If former Maryland Gov. Martin O'Malley's speech to a firefighters' union on Tuesday was a test of his political ability, a talk he gave on Wednesday was a test of his governance.
O'Malley was at the Brookings Institution on Wednesday to talk about "data-driven government"—a subject he is well-versed in from his time as Baltimore mayor and governor of Maryland. During his time in office, he used data metrics to improve government's response to problems as serious as crime and as mundane as potholes.
The Baltimore program, called CitiStat, deployed 200 police officers to areas of the city where crime was most rampant. And it's a strategy that paid off, driving down major crimes in Baltimore faster than other large cities.
"We brought crime down by 43 percent. We reduced the number of children poisoned by lead in our city by 71 percent," he said.
O'Malley compared his administration's approach to the "Moneyball" strategy in baseball, where data analysis is used to optimize a team's success.
"Put your fielders where the past performance of their hitters say they are most likely to hit the ball. Put your police where crime is most likely to happen," O'Malley said. "That's the deployment of resources for maximum effect. That's goal-driven, data-driven thinking. It helps win ball games. And it helps make a city safer."
The idea of employing such a data-forward strategy appeals to both Democrats and Republicans. And it's an idea that's increasingly gaining traction in national politics. But on Wednesday, it was an idea that reporters at the Brookings event couldn't care less about.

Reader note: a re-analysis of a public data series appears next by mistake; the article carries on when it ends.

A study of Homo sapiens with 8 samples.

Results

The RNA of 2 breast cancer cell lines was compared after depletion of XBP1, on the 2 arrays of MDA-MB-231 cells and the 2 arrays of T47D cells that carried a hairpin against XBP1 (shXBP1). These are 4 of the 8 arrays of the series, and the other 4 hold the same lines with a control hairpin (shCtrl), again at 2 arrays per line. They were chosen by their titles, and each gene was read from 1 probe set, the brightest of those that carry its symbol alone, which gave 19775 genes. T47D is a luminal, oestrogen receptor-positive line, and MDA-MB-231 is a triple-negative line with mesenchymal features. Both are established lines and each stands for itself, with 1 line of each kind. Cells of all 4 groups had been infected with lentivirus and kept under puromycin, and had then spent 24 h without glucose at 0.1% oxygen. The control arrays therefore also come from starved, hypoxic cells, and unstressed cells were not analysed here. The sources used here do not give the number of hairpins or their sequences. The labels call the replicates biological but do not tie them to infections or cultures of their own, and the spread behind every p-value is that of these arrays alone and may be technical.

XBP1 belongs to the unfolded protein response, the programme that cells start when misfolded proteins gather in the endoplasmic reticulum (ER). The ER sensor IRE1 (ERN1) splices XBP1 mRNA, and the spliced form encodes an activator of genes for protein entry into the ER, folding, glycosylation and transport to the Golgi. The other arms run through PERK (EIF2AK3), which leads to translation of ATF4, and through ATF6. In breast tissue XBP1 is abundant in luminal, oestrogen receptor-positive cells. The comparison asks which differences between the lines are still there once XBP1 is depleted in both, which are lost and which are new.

After O'Malley gave his remarks, the press was much more intent on asking him about a certain type of government data—emails—in the wake of Hillary Clinton's press conference Tuesday addressing her email controversy. It was a line of questioning that O'Malley likely expected, but clearly did not want to talk about. Or at least, that's what he wants people to think.
"I'm not an expert on federal requirements or state requirements, and I'm, frankly, a little sick of the email drama," O'Malley said. "But in our state, whether you used a personal email or a public email or a carrier pigeon, it was all a public record subject to disclosure in response to any FOIA."
He said that, while in office, he responded to Freedom of Information Act requests and sometimes had to turn over emails, and joked that the "colorful language" he employed in some of his emails may have caused his mother "great embarrassment." But he noted that, unlike the federal government, Maryland has no such archiving requirement for government work-related emails.
At one point, a reporter from the New York Post asked O'Malley if he was "satisfied" with the explanation Clinton gave on Tuesday for why she did not use an official email account. He dodged it.
"I respect your interest in this issue," O'Malley said. "I didn't watch the press conference yesterday, so I don't know. I'll leave that to you to figure out. I didn't watch it"—he took a beat—"because I was working."
O'Malley already appears somewhat weary of answering questions about Clinton. After a string of Clinton email-related questions, O'Malley turned to the next reporter and semi-jokingly asked, "You're not going to ask about emails, are you?" But, if the Republican side of the bench serves as an example, he'd better get used to it.
This article is from the archive of our partner National Journal.